For a Frugal Approach in Art and Architecture

International Symposium and Art Exhibition
Promoted by the Bruno Zevi Foundation

January, 20-23, 2010
Officine Farneto and “Valle Giulia” Faculty of Architecture

In collaboration with
NAI - Netherland Architecture Institute
Centre de recherche « Ville Société Territoire » (Ecole Polytechnique de l’Université François Rabelais de Tour)
Ecole nationale supérieure d’architecture de Grenoble
Ecole nationale supérieure d’architecture de Paris la villette
ENEA – Ente per le Nuove Tecnologie, l’Energia e l’Ambiente
Facoltà di architettura “Valle Giulia” - Università di Roma La Sapienza
AACUPI - Association of American College and University Programs in Italy
Fondazione Volume!

Organizing Committee
Cinzia Abbate, Maria Spina, Adachiara Zevi

Scientific Committee
José Forjaz
Françoise Fromonot
Jorge Mario Jáuregui
Alison Kwok
Thomas Spiegelhalter

Rural Studio, Lacaton & Vassal, Sarah Wigglesworth, Jorge Mario Jauregui, Eko Prawoto, Santiago Cirugeda, Nina Maritz, Giorgio Goffi.

Michael Rakowitz, Dré Wapenaar, Krzysztof Wodicko.

A bilingual Guide to Frugal Art and Architecture will be published on the occasion of the event. The guide will illustrate the most important and emblematic examples at the international level. The itinerary will include both the forerunners (from Buckminster Fuller to Paolo Soleri, Hassan Fathy, Nader Khalili, from Vito Acconci to Mario Merz and Gordon Matta-Clark), as well as the contemporary protagonists.


Symposium: January 20-21, Officine Farneto
Exhibition: January 20 - February 21, Officine Farneto
Workshop: January 21-22; award January 23, “Valle Giulia” Faculty of Architecture

In modern Western society, the principles of frugality, sustainability, under-consumption and eco-compatibility can be found at the base of a new culture of ethical and responsible development that is re-directing research in the fields of architecture, design and the arts. Solutions to issues of building and production at accessible costs – with limited wasting of resources, the best possible use of natural and local materials, or the recycling of those available – are defining entirely new scenarios and opening the doors to new markets. What is more, the issue of housing is now more urgent than ever, and shared by the vast majority of the world’s population. The number of people living precariously is destined to grow rapidly in the coming decades, forcing us to radically modify systems of production, techniques of intervening and building technologies.

The course of the architectural work promoted by the industrialization of building runs diametrically opposite to that of a frugal architecture focusing on the residual, making the best possible use of natural and local materials, and recycling what can be salvaged: an architecture of under-consumption rather than consumption or over-consumption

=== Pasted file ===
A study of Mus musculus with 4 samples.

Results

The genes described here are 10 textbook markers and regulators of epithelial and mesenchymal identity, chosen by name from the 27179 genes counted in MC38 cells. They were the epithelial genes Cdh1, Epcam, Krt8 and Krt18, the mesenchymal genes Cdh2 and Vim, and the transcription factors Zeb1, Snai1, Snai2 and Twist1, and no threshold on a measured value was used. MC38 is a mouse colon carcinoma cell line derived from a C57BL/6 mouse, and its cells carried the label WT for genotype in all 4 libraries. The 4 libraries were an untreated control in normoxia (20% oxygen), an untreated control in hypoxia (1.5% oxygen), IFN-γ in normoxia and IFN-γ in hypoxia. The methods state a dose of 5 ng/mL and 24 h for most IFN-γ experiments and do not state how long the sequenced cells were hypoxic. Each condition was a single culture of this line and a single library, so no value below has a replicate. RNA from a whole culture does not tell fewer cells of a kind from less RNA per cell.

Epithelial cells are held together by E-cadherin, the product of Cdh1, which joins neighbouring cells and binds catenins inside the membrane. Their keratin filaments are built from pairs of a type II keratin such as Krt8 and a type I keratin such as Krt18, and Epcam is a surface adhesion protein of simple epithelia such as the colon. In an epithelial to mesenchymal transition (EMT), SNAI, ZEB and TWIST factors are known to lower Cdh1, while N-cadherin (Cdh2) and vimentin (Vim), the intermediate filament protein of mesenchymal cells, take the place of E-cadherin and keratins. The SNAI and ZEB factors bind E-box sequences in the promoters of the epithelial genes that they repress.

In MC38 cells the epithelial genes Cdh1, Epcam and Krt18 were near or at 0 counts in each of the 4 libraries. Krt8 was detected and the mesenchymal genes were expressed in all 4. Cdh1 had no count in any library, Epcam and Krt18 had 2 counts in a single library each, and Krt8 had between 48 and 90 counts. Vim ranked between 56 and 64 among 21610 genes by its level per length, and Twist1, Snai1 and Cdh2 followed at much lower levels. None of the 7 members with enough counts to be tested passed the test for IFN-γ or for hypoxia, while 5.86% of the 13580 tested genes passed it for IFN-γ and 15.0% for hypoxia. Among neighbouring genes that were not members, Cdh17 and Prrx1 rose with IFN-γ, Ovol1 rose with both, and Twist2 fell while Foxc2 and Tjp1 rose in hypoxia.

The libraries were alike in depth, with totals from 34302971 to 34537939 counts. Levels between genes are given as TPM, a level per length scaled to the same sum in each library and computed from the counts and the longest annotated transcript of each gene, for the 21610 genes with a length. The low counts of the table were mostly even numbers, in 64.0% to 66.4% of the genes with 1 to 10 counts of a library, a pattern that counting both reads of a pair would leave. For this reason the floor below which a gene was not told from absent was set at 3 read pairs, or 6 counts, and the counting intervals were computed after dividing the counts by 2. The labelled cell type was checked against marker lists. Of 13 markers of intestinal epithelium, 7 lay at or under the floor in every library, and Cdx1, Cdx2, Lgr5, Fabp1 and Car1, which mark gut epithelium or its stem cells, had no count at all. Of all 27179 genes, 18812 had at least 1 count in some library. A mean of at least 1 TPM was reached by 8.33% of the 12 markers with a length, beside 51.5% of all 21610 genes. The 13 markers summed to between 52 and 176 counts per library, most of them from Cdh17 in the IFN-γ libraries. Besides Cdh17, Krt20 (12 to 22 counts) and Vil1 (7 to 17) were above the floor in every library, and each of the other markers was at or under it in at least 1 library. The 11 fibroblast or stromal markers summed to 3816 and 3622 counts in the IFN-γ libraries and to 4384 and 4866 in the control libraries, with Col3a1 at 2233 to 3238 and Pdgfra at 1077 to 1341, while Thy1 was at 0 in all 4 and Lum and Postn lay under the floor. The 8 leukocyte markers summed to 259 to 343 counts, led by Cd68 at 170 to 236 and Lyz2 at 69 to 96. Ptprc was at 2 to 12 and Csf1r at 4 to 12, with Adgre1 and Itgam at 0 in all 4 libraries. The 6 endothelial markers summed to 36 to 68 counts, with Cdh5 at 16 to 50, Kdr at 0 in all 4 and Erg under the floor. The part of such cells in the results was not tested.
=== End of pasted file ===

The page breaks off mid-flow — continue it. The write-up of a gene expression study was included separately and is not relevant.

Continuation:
Buildings constructed using leftover materials and limited resources and budgets are important due to their vast potential and positive social effects. In fact these buildings are economically accessible even to the poorest communities, often directly involved in the construction process, offering them the opportunity to learn and experiment.

Frugal architecture is an international phenomenon, though not yet globalised: it does not reproduce at the planetary scale a single, hegemonous model, but defers to locally available resources and the needs of the community. Since the mid 1900’s, contemporary artistic research has also matured a sensibility and interest towards themes of sustainability and social responsibility, adopting a principle of frugality that has often produced results and practical examples – the construction of refuges, temporary dwellings and, in some cases, the reorganisation of entire neighbourhoods, as part of a collaboration between artists and the local population. Contemporary art, above all in its Italian and American versions of Arte Povera and Process Art as well as the host of “environmental” hypotheses, has often blazed a trail for architecture and in any case provided invaluable ideas. In the same manner, many sectors of the design industry are now demonstrating growing attention to sustainable production: industries and designers are proposing objects and furnishings that are produced by reusing existing elements, using eco-compatible or recycled materials. These methods, while maintaining high levels of functions and aesthetics, promote a new ethic that is opposed to the “throw-away” practices of consumerism.